All About Jazz needs your help and we have a deal. Pay $20 and we'll hide those six pesky Google ads that appear on every page, plus this box and the slideout box on the right for a full year! You'll also fund website expansion.
It’s almost as hard to comprehend that this buoyant album was recorded almost 15 years ago as it is to accept the fact that neither Rich Matteson (“the world’s greatest Jazz euphonium player”) nor Red Mitchell (“one of the world’s two greatest bassists to share that surname”) is no longer with us. Ironically, the session’s scurrying, bluesy title tune, “Life’s a Take,” was dedicated to Fred Crane, a longtime friend and colleague who passed away shortly before Rich and Red entered a studio in Stockholm, Sweden, in June 1985 to record it. Crane, who Matteson describes in the liner notes as a superlative pianist and composer, left almost no recorded documentation of his artistry. Matteson, an outstanding player in his own right, was also sadly underrecorded, but thanks to Four Leaf Clover we have at least two albums on which his remarkable talents are prominently displayed. Mitchell, on the other hand, recorded often under his own name and as a sideman, but his indomitable presence here is no less welcome because of it. For the uninitiated, Matteson’s ax, the euphonium, is the tenor component of the tuba family, pitched in B–flat, and in terms of sound comes closest to a valve trombone. Matteson’s description of himself as the “world’s greatest” Jazz euphonium player was of course a running gag, as he was for years its only champion — but had there been others he might have earned the prize anyway, playing as he always did with such conspicuous awareness and enthusiasm. Mitchell, the brother of another world–class bassist, Whitey, made no such claim, but those who heard his resonant and metronomic shadings soon became his partisans and admirers. While Matteson and Mitchell are the drawing cards, the disarming program of standards (except for “Life’s a Take”) is considerably enhanced by the presence of Karlsson, a strikingly young (at the time) but extremely capable pianist, and Östlund, an even–tempered but resolute drummer from Iceland. With the ranks of such trail–blazing giants as Matteson and Mitchell becoming inescapably smaller as the years go by, we are assuredly blessed to have recorded evidence of their uncommon virtuosity.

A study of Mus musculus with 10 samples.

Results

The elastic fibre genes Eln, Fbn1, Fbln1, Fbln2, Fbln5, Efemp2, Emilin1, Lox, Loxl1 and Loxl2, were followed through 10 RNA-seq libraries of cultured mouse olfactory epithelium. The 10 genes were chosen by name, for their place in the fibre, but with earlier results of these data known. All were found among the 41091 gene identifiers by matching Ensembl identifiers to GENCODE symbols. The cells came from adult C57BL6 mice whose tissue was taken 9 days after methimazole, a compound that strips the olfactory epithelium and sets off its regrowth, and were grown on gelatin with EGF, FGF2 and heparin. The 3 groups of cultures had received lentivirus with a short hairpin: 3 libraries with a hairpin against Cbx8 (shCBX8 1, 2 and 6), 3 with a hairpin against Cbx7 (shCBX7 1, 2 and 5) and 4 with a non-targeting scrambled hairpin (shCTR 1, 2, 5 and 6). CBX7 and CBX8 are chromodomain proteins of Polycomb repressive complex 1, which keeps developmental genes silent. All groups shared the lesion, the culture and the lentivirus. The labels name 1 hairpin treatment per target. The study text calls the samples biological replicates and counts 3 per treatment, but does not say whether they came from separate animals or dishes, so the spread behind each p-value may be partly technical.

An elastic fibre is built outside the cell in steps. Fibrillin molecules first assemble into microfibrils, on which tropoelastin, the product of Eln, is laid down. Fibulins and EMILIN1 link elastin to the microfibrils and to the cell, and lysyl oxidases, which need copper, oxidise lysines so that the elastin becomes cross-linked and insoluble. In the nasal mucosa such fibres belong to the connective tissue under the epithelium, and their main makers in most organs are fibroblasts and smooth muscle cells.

Track listing: Life’s a Take; Easy Living; I Love You; Our Love Is Here to Stay; You Stepped Out of a Dream; There Is No Greater Love; The Shadow of Your Smile (45:36).
Rich Mattteson, euphonium; Stefan Karlsson, piano; Red Mitchell, bass; Petur
I love jazz because it mixes intellect and emotion in a very spontaneous way.
I was first exposed to jazz by liberating a Coltrane and a Pharoah Sanders record from a friend in NYC and listening to them over and over until I got it.
My advice to new listeners is you have to take the time to listen to some jazz tunes a number of times until it starts to make sense.